Dear Advisor:

I received an athletic scholarship to a great school. The problem is that they don't have my major. While I plan to attend Oakton while waiting to enter the professional arena in my sport, I was wondering if it matters that my transfer school does not have my major?


Dear Student:

Congratulations on receiving a scholarship! That's excellent news and will certainly help defray the costs of your education.  But wait, did you say that this school doesn’t offer your major? Maybe it’s time to do some thinking. While the advising team doesn’t want to discourage you from fulfilling your goals, we do want you to think realistically about your future. Becoming a professional athlete certainly would offer a lot of perks, but professional sports is a very competitive field and it’s important to have a solid back-up plan. 

There are a couple of options. If you’re committed to attending the school that gave you the scholarship, consider changing your major (and your back-up career plan) to something else that interests you – something the school does offer. If your chosen major is in something that has really caught your eye, you may have to take a pass on the scholarship and find another school. One thing is certain: attending a school simply because it is being paid for and not getting the degree you want is the equivalent of throwing your education away.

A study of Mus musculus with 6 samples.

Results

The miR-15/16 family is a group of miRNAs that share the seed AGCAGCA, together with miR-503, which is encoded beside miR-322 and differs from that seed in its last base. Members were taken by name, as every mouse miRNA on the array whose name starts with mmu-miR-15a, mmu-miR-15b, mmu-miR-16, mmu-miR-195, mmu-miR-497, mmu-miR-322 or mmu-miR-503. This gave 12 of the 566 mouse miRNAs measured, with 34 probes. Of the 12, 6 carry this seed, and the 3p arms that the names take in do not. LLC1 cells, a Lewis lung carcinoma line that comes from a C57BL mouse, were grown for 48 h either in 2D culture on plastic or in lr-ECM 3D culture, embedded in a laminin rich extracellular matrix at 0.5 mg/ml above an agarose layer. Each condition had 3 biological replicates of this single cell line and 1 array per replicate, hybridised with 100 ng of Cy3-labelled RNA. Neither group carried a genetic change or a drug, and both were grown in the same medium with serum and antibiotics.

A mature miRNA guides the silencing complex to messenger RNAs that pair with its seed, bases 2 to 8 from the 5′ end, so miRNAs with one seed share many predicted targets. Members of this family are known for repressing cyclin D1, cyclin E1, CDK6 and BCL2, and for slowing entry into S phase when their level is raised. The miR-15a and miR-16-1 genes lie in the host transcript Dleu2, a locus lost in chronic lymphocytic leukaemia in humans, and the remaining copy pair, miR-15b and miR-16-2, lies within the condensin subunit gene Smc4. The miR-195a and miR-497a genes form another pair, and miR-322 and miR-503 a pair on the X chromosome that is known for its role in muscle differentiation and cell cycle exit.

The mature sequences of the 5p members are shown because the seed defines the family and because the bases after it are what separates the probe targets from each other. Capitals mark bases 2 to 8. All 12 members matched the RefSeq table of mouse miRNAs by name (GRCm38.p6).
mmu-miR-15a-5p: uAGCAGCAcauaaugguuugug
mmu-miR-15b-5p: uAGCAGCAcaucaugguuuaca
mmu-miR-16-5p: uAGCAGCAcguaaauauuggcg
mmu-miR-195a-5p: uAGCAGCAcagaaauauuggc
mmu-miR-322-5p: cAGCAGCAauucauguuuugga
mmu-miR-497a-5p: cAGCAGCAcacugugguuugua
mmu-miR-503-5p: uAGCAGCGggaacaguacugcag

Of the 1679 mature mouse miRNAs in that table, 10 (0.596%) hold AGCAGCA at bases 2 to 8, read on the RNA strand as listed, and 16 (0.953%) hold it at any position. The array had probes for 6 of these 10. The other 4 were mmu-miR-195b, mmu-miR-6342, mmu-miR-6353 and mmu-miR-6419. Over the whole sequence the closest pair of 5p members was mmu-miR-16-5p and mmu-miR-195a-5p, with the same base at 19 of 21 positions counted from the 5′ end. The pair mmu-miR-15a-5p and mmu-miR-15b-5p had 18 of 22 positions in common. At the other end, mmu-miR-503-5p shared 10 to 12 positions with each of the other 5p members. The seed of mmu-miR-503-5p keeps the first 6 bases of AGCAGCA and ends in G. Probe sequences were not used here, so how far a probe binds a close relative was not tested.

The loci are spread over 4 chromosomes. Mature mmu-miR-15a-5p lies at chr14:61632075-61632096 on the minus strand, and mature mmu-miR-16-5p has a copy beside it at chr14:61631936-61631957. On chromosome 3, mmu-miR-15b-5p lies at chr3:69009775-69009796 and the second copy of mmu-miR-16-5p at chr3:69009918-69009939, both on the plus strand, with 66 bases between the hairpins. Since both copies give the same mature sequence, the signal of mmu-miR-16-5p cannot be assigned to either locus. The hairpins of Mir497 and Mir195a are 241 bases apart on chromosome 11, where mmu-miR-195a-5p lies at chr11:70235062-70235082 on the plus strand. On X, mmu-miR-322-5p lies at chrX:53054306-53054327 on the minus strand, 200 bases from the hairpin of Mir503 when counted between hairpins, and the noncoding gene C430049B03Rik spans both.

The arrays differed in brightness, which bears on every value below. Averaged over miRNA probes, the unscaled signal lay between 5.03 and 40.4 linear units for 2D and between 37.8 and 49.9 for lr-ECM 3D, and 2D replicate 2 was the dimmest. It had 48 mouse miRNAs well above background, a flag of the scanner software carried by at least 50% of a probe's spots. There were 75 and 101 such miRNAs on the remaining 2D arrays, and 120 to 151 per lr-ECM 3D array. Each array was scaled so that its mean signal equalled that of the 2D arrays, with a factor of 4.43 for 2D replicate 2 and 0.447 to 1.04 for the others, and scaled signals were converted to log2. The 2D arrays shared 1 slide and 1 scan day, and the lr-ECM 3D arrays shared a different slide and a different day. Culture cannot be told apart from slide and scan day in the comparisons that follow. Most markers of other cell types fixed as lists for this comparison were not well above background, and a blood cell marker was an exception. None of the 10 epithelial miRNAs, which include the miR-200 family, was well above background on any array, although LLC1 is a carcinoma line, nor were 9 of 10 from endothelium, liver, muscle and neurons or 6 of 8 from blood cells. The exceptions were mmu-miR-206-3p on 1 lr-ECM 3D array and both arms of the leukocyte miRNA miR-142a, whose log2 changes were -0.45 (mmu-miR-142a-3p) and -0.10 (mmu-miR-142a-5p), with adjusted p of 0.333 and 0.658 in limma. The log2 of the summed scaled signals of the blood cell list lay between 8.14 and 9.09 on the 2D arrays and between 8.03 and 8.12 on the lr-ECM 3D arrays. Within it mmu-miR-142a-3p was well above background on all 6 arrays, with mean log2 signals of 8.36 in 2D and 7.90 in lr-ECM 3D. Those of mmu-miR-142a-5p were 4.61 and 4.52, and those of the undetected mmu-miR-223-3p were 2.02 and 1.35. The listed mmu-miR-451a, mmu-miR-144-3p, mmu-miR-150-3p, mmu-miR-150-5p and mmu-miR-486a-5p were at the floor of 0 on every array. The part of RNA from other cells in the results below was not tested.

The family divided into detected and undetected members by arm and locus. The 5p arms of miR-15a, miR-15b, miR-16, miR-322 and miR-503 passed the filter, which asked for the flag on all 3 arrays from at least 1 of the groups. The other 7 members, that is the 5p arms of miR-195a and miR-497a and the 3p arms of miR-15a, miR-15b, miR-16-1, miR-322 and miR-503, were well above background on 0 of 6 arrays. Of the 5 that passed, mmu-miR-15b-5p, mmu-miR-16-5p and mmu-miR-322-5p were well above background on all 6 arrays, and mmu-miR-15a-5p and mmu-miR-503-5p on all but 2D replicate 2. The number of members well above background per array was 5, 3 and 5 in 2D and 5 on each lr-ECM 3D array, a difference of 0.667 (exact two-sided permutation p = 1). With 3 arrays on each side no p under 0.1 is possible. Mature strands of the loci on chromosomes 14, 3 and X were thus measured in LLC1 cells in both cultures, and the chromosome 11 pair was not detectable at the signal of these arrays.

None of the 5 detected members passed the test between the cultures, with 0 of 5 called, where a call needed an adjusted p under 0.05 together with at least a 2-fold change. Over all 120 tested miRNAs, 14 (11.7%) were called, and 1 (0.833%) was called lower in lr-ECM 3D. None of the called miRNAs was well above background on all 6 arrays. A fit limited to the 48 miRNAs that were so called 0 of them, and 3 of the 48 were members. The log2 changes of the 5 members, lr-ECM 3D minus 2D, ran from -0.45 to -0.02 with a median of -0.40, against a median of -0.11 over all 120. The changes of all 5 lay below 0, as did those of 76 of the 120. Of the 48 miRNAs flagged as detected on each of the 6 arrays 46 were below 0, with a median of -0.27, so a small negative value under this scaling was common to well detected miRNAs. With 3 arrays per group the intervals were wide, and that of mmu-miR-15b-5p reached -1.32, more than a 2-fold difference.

Did you know that Advising and Counseling Services offers e-mail advising? This service is designed to respond to general questions (Where can I find a listing of classes that fulfill the IAI General Education Curriculum? How many social and behavioral sciences are needed for a degree?) and not to provide case-specific information (What is my English and math placement? What classes do I personally need to finish my degree?) 

Due to Federal Laws and our desire to maintain our students’ information in a secure and confidential manner, students are discouraged from including any personal information in their email question, specifically social security numbers or student identification number (B number). To find out more, visit our e-mail advising page.